June 10, 2013

This year has seen big changes in the world of patents, with significant developments in the US and the EU.

After years of discussion, the EU accepted the need for a unified system that overrides the previous need to register country by country. The Unitary Patent should be in effect by early 2015, making the filing of patents within the EU far ore attractive and massively less time-consuming and expensive.

At the same time, with effect from last March, the US was overhauling its system under the auspices of the America Invents Act. An important feature of that Act is the ‘ first to file’ principle, which is certainly likely to boost the number of patent applications.

Globally, the use of patent systems to protect IP continues to gather pace. The World Intellectual Property Organization (WIPO) reported 10.7% growth in 2011 and 6.6% in 2012. Of course, it is not possible to know how many of these patents have real merit and to what extent they will be used in efforts to prevent competition or extract money from real inventors. At least one encouraging piece of news was last week’s Execution in the US to limit ‘patent trolls’.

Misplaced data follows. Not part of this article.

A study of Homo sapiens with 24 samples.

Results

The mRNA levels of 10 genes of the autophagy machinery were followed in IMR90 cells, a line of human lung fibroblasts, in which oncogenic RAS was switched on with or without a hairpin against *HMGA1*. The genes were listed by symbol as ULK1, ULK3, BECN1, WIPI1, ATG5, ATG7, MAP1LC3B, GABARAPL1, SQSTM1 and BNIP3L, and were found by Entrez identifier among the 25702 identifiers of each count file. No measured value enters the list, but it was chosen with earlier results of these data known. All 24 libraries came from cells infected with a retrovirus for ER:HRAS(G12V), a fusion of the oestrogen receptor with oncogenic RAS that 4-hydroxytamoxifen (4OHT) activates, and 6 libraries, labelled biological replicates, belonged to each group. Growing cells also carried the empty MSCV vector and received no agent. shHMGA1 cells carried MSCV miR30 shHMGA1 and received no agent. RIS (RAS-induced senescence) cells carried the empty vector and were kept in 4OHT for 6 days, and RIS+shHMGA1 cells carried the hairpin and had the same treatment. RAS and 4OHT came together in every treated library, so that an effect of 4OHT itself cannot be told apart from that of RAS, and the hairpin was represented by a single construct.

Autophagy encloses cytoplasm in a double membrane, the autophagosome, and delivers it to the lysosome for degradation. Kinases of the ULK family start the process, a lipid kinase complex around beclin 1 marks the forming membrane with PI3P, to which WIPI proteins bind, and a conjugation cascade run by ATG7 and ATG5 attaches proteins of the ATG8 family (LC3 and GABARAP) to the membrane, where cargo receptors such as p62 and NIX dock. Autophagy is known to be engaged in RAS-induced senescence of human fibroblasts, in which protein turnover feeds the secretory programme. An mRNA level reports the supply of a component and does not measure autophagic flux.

WIPO also commented on the drive by corporations to register intangible assets since these now play such a large part in market valuations, Certainly this implies negotiations over IP rights will remain high on the agenda for the ‘most negotiated terms’.

Of particular interest is the extent to which the source of new patents is changing. For example, last year, the top four filers of new patents worldwide were all from China and Japan (ZTE, Panasonic, Sony and Huawei).  Almost 40% of patents came from China, Japan or South Korea – up from less than 8% 20 years ago. If these intangibles genuinely do reflect relative wealth and value, this is a major reinforcement of the shifting global balance.